Hotels in Istanbul
Istanbul's hotels have come a long way in the last decade. Luxury chain outposts have taken hold (think Four Seasons, Ritz-Carlton, Kempinski, and more), centrally located boutique hotels are cropping up, and traditional properties such as the Pera Palace, with its views of the Golden Horn, have been renovated. It's essential to choose a hotel in a neighborhood that best suits your needs. Those in the Old City, Sultanahment, have great access to the major historical sites, but limited restaurant and nightlife options. Plus, salesmen flood the streets here, making your stay more stressful than it need be. You'll find more modern and luxury digs, most offering some type of shuttle service, across the Bosphorus; the views from here are spectacular. One of the best hotels in Istanbul is the opulent Ciragan Palace Kempinski Istanbul, set in an Ottoman palace built by Sultan Abdulaziz. The property straddles two neighborhoods, Ortakoy and Besiktas. With three restaurants, an over-the-top hammam, a beautiful pool area, and large, contemporary rooms done in jewel tones, there's plenty to keep you busy.
The Ritz-Carlton features 244 Ottoman-inspired rooms and suites across 34 floors of the city’s tallest skyscraper, as well as 2,403 square meters of meeting and conference space to appeal to the business traveler.
Staying at this former Imperial Ottoman Palace—an elaborate, Arabian-style compound that the empire’s sultans called home—may easily give you delusions of grandeur.
Manzara means “view,” and that’s just what you’ll get at most of these 50 short-term-rental apartments, which occupy several different buildings scattered around Galata and Cihangir.
Located just outside the Sultan’s Palace in one of the most ancient neighborhoods in Istanbul, Seven Hills Hotel gives guests easy access to the city’s top tourist attractions like the Hagia Sophia, basilica cistern, and Grand Bazaar.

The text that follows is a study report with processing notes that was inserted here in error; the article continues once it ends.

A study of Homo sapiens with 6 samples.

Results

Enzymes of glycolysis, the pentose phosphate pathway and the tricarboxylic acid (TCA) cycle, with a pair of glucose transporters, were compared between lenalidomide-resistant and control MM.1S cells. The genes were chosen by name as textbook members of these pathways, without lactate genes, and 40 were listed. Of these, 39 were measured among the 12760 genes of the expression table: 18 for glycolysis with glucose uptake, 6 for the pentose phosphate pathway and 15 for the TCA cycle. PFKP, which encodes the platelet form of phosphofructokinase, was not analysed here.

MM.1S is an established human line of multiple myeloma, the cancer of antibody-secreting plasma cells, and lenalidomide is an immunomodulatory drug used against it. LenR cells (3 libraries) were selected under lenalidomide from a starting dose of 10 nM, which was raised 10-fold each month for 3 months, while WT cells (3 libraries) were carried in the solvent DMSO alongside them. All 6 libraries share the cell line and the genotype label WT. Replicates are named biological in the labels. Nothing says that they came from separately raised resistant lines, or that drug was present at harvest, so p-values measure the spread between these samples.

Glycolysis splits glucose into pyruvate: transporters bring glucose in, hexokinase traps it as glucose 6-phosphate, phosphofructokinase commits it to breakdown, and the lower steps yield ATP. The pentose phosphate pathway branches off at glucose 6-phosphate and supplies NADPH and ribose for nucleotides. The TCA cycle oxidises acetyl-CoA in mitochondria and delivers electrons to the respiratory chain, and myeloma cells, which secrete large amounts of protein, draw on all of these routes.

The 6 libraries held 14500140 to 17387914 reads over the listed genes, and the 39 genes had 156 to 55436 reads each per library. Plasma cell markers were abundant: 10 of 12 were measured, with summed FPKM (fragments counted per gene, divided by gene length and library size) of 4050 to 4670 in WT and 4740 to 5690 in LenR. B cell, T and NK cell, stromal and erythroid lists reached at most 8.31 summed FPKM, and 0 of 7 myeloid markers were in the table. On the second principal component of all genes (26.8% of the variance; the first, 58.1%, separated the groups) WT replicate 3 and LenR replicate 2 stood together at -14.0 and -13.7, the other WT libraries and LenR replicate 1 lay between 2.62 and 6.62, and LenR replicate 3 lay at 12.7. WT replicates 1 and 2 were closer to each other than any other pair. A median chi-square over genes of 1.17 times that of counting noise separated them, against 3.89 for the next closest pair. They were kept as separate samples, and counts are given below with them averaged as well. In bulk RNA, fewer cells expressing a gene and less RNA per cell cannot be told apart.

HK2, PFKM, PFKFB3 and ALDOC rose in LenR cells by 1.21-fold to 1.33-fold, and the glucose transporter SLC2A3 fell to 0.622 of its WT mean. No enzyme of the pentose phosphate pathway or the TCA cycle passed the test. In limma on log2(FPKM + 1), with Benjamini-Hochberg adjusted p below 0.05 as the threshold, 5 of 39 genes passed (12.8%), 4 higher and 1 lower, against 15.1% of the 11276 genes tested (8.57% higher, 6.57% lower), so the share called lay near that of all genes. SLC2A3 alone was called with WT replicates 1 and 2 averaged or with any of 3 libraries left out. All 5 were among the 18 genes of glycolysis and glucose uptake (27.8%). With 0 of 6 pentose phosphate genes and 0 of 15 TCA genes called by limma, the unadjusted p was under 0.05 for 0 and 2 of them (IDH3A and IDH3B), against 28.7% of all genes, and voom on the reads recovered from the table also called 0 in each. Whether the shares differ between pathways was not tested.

Dedicated to the ancient Hittite goddess Kybele, this boutique hotel in Sultanahmet presents a lavish, jewel-box like interior design highlighted by antique carpets and furniture, red and gold walls, curios, and more than 2,000 colored-glass candle lamps hanging from the ceilings.
A counterpoint to Istanbul’s historic, grand dame hotels, this 144-room property by the Istanbul-based hotel brand Divan is done in muted colors and blond wood, and it’s best suited to forward-thinking travelers who prefer ease and convenience rather than over-the-top luxury.
The Ajia Hotel, a waterfront property in Kanlica, Istanbul, is housed in an 1870s Ottoman mansion. The intimate hotel’s 16 rooms and suites are elegant but minimalist—with platform beds, hardwood floors, high ceilings, and Bosporus views.
Equally close to Sultanahmet’s major tourist sites as the Four Seasons, this boutique hotel is both quirkily charming and easy on the wallet.
To convert a 19th-century Istanbul distillery into a boutique hotel, owner-architects Mark and Nedret Butler looked to the Bosporus for inspiration.
Istanbul’s lyrical qualities find literal manifestation at the Hotel Poem on the southern edge of the historic neighborhood Sultanahmet.
An aquarium occupies an entire lobby wall at Edition Istanbul. But that’s only one of the design flourishes—silver-foil ceilings; glassed-in bathrooms—that send the 78-room hotel over the top.
The Grand Hyatt Hotel near Taksim Square in Istanbul has a lot going for it. With 360 luxury rooms, suites, and apartments, two restaurants, a Gaia Spa & Fitness Centre, a tennis court, Turkish bath, and arguably the best pool in the city.
No neighborhood in Istanbul exudes more European chic than Nisantisi. The Sofa Hotel is a prime example. Designed by renowned Turkish architect Sinan Kafadar, the 82 guest rooms contain a minimalist mix of light hardwood, marble, chrome, and strategic splashes of pomegranate red.